Perhaps when it comes to your precious smartphone, it is better to be safe than sorry.
Your smartphone is indeed a powerful computing device, and there are potential thieves out there who want access to that information for obvious financial reasons. Evidence suggests that more than 350,000 new pieces of malware are generated each and every day—and smartphones are increasingly becoming the target of choice.
For those who let their guard down even for a moment, here are a few examples of what can happen:
-Application software can potentially latch on to your device via websites or other apps that run in the background. It can then either steal your personal information or simply use your computer and network connection to process that information.
-If you decide to download apps from unofficial sites, that can result in your apps being replaced by copycat apps that carry with them fraudulent ad-clicking software.
-Malware can be embedded in a particular website or a malicious Wi-Fi network. When this happens, a code is left behind to redirect links to illicit sites where you enter your sensitive information that can be stolen.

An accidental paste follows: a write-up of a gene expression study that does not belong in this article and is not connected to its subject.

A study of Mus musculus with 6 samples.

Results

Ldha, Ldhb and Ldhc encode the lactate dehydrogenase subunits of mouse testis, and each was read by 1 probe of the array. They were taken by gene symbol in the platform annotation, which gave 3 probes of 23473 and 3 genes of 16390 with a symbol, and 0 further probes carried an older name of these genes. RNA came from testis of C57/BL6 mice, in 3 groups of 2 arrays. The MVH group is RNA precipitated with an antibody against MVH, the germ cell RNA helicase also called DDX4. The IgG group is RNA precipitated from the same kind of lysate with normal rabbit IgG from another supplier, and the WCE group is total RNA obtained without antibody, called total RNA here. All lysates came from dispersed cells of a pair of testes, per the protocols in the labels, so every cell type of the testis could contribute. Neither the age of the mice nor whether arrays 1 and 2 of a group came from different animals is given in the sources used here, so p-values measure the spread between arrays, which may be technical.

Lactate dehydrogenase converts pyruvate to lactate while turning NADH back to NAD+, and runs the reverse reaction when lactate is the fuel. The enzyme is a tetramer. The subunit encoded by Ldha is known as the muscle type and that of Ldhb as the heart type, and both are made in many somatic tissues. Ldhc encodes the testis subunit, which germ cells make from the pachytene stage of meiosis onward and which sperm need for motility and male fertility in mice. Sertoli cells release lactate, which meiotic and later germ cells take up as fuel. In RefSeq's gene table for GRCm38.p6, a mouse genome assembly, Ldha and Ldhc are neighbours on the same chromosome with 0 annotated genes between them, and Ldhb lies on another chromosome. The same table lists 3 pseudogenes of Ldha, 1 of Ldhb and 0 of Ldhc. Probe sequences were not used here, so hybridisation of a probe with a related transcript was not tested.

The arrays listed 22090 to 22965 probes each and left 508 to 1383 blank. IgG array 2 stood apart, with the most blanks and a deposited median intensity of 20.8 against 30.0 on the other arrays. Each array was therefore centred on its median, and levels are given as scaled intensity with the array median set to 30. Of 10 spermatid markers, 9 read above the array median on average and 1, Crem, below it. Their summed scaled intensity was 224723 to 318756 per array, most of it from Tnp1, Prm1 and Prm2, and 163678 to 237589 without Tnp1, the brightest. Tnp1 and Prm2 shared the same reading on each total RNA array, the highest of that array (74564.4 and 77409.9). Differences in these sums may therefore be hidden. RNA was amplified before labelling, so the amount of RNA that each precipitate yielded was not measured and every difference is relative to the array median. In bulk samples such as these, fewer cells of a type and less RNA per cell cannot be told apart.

-Adware can be embedded in apps that cull data from other parts of your smartphone. This information can be used to make future emails and other communications seem more trustworthy. Experts warn that such dangerous software is difficult to distinguish from legitimate ones.
And here are several signs that your smartphone might have malware: you’re seeing ads constantly, regardless of which app you’re using; you see apps you don’t recognize on your phone; you install an app, and then the icon disappears; you’re sending out spam; and your battery is draining much faster than usual.
So, what is the best way to protect yourself from this seemingly constant threat?
One way is to get an antivirus or malware security software on your device, which should make the risk of malware infection very low. The good news is that if your phone is up to date with the latest patches, you don’t click on any suspicious links, and don’t stray too far from the apps that are in Google Play Store, the chance of you becoming a victim is nearly nonexistent.
If you do decide to purchase an antivirus tool, make sure it comes from a well-known source, such as AVG, Norton, Avast, or Bitdefender. They do add an extra layer of protection, even though your information might not be vulnerable at the moment.
Keep in mind that Android malware is only going to increase in the future, so it might be in your best interest to protect your smart device in every way that you can.
Ethen Kim Lieser is a Minneapolis-based Science and Tech Editor who has held posts at Google, The Korea Herald, Lincoln Journal Star, AsianWeek, and Arirang TV. Follow or contact him on LinkedIn.